During oophorectomy surgery you'll receive anesthetics to put you in a sleep-like state. You won't be aware during the procedure.
Oophorectomy can be performed two ways:
- Surgery using one large incision. During a traditional (open) oophorectomy, the surgeon makes an incision in your abdomen to access your ovaries. The surgeon separates each ovary from the blood supply and tissue that surrounds it and removes the ovary.
- Surgery using multiple small incisions. Laparoscopic surgery involves making three or four small incisions in your abdomen. The surgeon inserts a tube with a tiny camera through one incision and special surgical tools through the others. The camera transmits video to a monitor in the operating room that the surgeon uses to guide the surgical tools. Each ovary is separated from the blood supply and surrounding tissue and placed in a pouch. The pouch is pulled out of your abdomen through one of the small incisions.
Laparoscopic oophorectomy may also be robotically assisted in certain cases. During robotic surgery, the surgeon watches a 3-D monitor and uses hand controls that allow finer movement of the surgical tools.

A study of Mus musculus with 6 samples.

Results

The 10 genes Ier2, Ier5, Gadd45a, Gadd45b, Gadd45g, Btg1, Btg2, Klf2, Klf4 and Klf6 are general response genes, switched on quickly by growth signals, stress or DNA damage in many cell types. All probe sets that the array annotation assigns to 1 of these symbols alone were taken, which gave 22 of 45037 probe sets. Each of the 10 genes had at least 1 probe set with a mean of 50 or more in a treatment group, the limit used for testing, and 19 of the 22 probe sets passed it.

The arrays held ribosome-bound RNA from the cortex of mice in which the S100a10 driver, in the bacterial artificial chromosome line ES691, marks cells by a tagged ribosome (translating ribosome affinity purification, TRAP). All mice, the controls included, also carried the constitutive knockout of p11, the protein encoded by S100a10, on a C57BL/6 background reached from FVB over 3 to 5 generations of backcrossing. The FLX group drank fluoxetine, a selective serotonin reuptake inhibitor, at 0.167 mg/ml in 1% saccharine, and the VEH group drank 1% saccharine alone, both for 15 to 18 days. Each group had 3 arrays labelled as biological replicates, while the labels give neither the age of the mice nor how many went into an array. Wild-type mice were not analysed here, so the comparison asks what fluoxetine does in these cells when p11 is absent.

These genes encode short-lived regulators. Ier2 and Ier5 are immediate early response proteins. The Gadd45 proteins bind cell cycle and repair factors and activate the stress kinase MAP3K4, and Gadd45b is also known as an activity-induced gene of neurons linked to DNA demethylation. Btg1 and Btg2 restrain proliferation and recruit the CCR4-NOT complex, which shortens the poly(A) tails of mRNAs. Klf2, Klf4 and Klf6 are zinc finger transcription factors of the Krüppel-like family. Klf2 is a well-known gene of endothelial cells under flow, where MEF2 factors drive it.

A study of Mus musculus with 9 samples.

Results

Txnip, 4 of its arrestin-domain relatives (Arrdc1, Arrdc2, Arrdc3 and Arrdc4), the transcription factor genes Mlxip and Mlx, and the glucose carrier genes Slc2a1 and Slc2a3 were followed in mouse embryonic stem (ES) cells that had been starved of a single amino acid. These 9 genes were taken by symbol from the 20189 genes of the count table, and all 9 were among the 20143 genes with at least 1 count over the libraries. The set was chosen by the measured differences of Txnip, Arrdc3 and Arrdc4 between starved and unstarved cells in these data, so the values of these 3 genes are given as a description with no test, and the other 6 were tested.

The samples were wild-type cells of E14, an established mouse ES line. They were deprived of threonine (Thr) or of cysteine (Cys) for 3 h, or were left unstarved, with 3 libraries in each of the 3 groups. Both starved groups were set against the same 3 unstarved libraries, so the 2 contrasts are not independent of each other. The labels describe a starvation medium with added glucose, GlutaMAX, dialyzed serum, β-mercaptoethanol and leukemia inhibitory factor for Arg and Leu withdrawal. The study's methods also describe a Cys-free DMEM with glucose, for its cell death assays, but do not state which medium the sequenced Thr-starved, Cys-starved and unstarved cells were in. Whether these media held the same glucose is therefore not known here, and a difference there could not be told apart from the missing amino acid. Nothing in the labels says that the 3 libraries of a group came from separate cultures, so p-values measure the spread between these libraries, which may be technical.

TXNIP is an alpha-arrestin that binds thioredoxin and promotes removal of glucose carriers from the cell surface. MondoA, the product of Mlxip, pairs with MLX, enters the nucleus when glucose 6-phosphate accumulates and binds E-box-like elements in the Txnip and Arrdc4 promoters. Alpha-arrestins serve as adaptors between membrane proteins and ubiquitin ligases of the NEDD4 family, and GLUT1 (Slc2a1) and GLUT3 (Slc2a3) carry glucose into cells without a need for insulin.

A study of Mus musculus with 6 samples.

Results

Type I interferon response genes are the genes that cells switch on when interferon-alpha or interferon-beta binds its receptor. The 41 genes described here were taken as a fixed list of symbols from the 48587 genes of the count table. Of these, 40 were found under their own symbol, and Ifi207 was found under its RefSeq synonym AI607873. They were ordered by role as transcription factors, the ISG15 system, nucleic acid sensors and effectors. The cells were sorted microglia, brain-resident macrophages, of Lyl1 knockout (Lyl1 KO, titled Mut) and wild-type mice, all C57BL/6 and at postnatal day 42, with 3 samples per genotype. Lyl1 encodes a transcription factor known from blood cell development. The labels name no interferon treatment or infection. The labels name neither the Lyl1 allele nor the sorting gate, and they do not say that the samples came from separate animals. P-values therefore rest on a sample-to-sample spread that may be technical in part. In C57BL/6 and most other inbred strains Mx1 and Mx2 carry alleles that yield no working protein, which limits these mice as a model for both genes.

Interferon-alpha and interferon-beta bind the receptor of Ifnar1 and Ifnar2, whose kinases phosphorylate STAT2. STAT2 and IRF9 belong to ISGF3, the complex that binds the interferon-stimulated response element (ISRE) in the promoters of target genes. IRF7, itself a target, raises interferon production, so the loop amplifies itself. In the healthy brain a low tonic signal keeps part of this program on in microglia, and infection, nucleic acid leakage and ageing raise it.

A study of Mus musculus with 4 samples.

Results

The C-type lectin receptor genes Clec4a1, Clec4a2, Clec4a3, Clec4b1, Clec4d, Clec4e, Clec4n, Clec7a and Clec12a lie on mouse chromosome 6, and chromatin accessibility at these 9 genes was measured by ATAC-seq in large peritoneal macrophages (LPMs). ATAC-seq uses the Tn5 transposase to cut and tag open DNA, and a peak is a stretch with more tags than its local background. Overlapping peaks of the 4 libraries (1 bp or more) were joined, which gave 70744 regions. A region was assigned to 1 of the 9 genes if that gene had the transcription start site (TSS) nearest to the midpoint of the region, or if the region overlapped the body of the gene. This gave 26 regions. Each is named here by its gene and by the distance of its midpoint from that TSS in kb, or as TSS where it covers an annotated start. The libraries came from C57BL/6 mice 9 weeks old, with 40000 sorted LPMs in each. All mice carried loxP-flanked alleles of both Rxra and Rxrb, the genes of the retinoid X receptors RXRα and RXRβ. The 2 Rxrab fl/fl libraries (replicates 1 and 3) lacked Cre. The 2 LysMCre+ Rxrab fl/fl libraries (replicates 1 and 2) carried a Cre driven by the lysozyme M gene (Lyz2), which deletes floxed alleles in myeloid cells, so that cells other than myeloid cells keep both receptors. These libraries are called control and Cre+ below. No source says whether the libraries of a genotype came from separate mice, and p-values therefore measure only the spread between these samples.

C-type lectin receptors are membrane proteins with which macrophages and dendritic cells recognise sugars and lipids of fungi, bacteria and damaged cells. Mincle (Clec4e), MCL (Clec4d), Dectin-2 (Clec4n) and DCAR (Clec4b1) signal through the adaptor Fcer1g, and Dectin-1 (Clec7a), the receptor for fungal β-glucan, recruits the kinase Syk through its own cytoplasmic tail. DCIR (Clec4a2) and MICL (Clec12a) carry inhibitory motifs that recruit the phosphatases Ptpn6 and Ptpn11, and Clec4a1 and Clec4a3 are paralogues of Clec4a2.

Whether your oophorectomy is an open, laparoscopic or robotic procedure depends on your situation. Laparoscopic or robotic oophorectomy usually offers quicker recovery, less pain and a shorter hospital stay. But it isn't appropriate for everyone, and in some cases, surgery that begins as laparoscopy may need to be converted to an open procedure during the operation.
After oophorectomy you can expect to:
Apr. 16, 2011
- Spend time in a recovery room as your anesthesia wears off
- Move to a hospital room where you may spend a few hours to a few days, depending on your procedure
- Get up and about as soon as you're able in order to help your recovery
- Schorge JO, et al. Surgeries for Benign Gynecologic Conditions. In: Schorge JO, et al. Williams Gynecology. New York, N.Y.: The McGraw-Hill Companies; 2008. http://accessmedicine.com/resourceTOC.aspx?resourceID=514. Accessed Feb. 25, 2011.
- Mikio N, et al. Perioperative consideration in gynecologic surgery. In: DeCherney AH, et al. Current Diagnosis & Treatment Obstetrics & Gynecology. 10th ed. New York, N.Y.: The McGraw-Hill Companies; 2007. http://www.accessmedicine.com/content.aspx?aID=2390832. Accessed Feb. 25, 2011.
- Valea FA, et al. Oophorectomy and ovarian cystectomy. http://www.uptodate.com/home/index.html. Accessed Feb. 28, 2011.
- Parker WH, et al. Effect of bilateral oophorectomy on women's long-term health. Women's Health. 2009;5:565.
- Laparoscopy and ovarian cancer: A paradigm change in the management of ovarian cancer? Journal of Minimally Invasive Gynecology. 2009;16:250.
- Medeiros LRF, et al. Laparoscopy versus laparotomy for benign ovarian tumour. Cochrane Database of Systematic Reviews. 2010;CD004751.
- Mettler L, et al. Robotic assistance in gynecological oncology. Current Opinion in Oncology. 2008;20:581.